Nicholas Carter of Liberty County High School is one of 12 seniors to be honored last month by the Colored Rocks Foundation at the Carter Presidential Center in Atlanta.
This was the third year the foundation has awarded the Colored Rocks Prize to outstanding ethnic male students. As a condition of his award, Carter has committed to helping develop other high-risk students to encourage their high-school graduation.
Carter’s honor comes a year after another LCHS alum, Donnie Pullium, was recognized. Carter said he spoke to Pullium about the award.
“He said it was a great organization, and I liked the idea of embracing African-American culture and being enriched as an African-American,” Carter said. “Winning the award means I’ve taken a step in improving the lives of African-Americans and thus improving our future.”
Carter outlined his improvement plan while describing his Colored Rocks project.
“Teachers complain that boys at our local elementary school aren’t behaving well. So we’re going to have a ‘guys’ camp’ at that school and teach them how to behave and how to succeed,” he said.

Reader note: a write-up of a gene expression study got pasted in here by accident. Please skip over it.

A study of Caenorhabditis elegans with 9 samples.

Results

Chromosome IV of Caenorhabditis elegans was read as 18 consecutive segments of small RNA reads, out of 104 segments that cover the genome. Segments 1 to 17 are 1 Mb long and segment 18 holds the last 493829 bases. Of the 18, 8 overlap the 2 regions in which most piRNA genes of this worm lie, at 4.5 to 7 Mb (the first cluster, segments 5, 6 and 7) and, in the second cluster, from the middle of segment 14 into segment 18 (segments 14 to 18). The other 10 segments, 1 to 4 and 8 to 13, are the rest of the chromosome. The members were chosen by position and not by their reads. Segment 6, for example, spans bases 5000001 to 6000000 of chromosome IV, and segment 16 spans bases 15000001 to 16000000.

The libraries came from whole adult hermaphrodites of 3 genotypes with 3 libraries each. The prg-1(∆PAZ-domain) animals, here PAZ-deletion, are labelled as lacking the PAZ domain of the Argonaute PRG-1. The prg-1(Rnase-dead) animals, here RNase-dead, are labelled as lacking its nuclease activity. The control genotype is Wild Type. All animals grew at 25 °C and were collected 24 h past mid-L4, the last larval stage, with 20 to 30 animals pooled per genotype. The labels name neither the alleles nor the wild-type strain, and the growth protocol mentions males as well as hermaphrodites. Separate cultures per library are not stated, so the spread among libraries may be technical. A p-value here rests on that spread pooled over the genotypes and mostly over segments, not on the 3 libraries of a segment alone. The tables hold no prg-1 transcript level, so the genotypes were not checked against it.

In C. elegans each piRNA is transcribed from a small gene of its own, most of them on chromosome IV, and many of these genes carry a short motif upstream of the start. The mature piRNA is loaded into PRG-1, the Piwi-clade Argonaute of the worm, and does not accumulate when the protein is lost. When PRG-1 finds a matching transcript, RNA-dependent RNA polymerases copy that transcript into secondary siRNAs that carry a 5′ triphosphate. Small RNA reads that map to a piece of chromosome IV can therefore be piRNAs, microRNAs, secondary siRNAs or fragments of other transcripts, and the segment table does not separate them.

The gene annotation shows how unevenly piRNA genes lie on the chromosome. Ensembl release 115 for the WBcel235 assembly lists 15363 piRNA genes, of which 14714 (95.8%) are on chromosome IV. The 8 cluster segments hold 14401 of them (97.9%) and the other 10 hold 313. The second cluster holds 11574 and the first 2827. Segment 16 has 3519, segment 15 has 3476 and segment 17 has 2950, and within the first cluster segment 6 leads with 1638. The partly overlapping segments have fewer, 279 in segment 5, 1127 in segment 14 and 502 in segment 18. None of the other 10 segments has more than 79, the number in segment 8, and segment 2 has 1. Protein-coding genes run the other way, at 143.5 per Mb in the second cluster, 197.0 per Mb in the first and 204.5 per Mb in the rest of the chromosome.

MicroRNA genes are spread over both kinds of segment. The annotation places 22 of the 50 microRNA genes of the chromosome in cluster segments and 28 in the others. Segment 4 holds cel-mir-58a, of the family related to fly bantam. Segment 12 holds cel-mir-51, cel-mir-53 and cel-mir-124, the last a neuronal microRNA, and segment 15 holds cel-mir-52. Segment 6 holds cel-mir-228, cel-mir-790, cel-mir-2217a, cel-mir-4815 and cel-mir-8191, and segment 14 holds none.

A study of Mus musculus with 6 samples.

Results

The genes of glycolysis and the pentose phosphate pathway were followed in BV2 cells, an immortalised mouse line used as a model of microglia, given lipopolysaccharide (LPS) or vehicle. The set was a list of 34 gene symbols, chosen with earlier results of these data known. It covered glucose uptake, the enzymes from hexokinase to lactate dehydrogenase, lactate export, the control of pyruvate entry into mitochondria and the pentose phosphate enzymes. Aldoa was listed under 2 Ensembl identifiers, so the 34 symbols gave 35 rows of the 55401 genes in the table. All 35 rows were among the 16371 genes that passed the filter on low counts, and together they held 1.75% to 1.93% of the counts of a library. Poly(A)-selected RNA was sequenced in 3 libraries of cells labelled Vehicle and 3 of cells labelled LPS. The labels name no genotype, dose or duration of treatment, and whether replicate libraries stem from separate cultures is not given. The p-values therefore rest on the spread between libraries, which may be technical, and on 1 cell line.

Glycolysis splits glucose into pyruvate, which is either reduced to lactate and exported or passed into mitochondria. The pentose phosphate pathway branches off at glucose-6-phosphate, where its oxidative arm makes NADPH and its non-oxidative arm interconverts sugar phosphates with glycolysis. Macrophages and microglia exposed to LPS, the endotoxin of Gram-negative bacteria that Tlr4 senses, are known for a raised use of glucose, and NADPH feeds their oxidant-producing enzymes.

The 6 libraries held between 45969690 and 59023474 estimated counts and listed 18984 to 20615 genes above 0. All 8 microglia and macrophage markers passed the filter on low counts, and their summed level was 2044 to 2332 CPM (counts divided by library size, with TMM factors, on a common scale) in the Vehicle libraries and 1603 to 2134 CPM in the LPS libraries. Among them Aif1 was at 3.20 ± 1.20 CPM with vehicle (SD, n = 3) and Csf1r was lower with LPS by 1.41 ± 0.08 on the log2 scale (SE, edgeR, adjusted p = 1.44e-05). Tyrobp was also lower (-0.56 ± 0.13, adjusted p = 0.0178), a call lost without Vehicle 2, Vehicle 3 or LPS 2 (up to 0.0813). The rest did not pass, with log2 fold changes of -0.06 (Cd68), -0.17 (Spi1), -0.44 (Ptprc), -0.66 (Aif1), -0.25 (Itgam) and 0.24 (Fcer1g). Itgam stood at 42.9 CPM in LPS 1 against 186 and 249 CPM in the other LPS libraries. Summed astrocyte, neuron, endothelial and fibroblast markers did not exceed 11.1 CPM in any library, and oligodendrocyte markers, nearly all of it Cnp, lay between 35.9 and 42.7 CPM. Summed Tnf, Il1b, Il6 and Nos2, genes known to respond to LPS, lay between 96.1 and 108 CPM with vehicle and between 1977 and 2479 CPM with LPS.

Carter is president of his senior class at LCHS and recently was selected to become a member of the Young Adult Liberty Leaders. He plans to attend Georgia Southern University and study electrical engineering.
Since its inception three years ago, the Colored Rocks Foundation has awarded $10,000 in funds to previous recipients, recognized 30 of Georgia’s outstanding students who personally helped more than 200 at-risk students improve their path to high-school graduation, and inspired hundreds more with peer-to-peer counseling and success tips.